Close to three in four global businesses (72%) are forging ahead with digital expansion, despite economic concerns, supply chain challenges, and skills issues. And, at least half of executives are looking at Web3 — Web3!! — as a viable option moving forward.
That’s the word from Equinix, which released a survey of 2,900 IT executives across the world, showing no letup in plans for major investments in digital technologies to support ambitious expansion plans.
Many executives intend to take advantage of emerging technologies such as 5G, the internet of things (IoT), and, yes, Web3. Almost two-thirds (62%) said their business has already put a Web3 strategy in place, while 34% said they do not have a Web3 strategy yet. A plurality of executives (44%) even expect Web3 to replace the current infrastructure within the next one to five years, and 16% even believe it will happen in the next year.
Factors potentially limiting growth include security breaches and data leaks (73%), cyberattacks (68%), changing regulatory requirements around data privacy (67%), an explosion of data from adopting new technologies (67%), and downtime caused by infrastructure issues (65%).
The majority of respondents in the US, 63%, cite global supply chain issues and shortages, while 64% specify global microchip shortages as challenges to growth. This only translates to more reliance on digital resources, the survey’s authors state. “Continued supply chain issues appear to be driving a need for more virtualization, with growth aspirations underpinned by significant planned investment in digital infrastructure.” More than one-third of respondents, 34%, say they plan to facilitate global expansion plans by deploying virtually via the cloud.
The lingering effects of the pandemic also continues to have a significant impact on businesses’ digital strategies, the survey shows . Almost (46%) say they are accelerating their company’s digital evolution wrought by the Covid-19 crisis, and more than half (54%) confirm their IT budgets have increased as a direct outcome of its legacy. Furthermore, the majority of respondents (57%) believe the technology changes and investments implemented during the pandemic are here to stay.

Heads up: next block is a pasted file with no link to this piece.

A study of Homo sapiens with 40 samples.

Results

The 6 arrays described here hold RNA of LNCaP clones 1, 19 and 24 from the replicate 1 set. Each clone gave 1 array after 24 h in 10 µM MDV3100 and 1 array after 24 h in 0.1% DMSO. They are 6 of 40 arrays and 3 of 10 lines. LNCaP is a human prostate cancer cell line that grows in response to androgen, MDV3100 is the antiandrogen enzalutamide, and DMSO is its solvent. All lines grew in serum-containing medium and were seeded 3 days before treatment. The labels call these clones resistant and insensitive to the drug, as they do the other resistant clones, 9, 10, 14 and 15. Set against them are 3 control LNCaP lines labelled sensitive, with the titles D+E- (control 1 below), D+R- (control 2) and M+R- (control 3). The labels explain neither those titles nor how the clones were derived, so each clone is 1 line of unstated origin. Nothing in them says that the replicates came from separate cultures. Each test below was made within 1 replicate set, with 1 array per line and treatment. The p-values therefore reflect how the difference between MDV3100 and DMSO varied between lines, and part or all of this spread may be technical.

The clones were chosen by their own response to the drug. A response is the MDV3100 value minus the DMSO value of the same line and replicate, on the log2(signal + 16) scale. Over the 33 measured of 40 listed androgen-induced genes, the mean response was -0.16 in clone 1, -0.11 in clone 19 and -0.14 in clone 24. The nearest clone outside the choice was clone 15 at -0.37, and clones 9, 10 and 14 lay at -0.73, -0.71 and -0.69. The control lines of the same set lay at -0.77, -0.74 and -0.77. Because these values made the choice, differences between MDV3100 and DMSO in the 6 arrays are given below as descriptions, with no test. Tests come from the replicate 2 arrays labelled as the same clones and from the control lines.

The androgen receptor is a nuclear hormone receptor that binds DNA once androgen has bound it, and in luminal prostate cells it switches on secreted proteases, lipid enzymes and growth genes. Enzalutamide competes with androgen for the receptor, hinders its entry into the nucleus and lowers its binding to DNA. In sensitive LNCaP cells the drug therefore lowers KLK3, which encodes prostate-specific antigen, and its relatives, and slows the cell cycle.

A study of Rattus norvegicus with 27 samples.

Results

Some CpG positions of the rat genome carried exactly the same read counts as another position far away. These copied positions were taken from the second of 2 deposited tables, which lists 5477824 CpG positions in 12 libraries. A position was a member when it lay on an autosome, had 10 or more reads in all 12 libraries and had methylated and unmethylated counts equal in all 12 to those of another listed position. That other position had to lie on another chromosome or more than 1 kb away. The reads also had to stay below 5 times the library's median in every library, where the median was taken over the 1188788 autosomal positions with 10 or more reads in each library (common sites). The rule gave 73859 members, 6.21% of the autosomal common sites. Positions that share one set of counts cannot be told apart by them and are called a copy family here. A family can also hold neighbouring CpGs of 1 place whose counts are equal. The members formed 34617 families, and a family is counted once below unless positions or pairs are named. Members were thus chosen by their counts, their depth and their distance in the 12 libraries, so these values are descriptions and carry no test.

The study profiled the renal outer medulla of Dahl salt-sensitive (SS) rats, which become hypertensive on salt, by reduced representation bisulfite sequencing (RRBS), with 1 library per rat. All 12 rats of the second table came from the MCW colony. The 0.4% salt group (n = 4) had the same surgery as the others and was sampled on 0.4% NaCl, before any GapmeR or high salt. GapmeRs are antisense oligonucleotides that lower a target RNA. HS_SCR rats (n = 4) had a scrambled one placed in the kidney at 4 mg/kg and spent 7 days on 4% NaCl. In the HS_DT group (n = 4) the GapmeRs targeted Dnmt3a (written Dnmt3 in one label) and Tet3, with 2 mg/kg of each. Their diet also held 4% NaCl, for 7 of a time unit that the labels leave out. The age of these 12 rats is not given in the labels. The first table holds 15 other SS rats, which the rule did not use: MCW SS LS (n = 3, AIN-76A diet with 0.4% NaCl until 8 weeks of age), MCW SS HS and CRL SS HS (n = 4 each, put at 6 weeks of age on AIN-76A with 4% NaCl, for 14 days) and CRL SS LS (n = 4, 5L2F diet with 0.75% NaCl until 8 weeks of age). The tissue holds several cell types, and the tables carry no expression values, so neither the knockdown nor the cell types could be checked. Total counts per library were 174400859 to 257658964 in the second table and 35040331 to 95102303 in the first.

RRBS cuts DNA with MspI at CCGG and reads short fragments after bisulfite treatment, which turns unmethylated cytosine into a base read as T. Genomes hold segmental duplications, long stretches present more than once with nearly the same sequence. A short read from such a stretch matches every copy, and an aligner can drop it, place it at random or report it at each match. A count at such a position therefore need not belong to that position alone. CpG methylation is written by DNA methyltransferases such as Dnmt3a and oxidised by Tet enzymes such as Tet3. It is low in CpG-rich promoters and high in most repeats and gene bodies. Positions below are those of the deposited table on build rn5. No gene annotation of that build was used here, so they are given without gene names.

Hybrid workplaces, another outcome of the Covid crisis, are also here to stay. At the same time, the majority (60%) of executives report their companies are encouraging people to come into the office more
The skills gap also looms as a top-of-mind issue, as expressed by 61% of executives. Digital leaders report the main gaps in technology skills are IT technicians (27%), cloud computing (26%) and AI/machine learning (26%). Looking to the future, executives globally anticipate the main gaps in tech skills are going to remain similar to those seen today, with AI/machine learning topping the list at 26%.
Finding workers overall to run and support companies is also a challenge in a digital economy. While 62% indicate they draw employees with digital skills from technology disciplines, more than a third (34%) are also looking beyond the tech pool. These workers are coming from administration and business support (36%), finance and insurance (33%), and those returning to work after a period of absence (30%).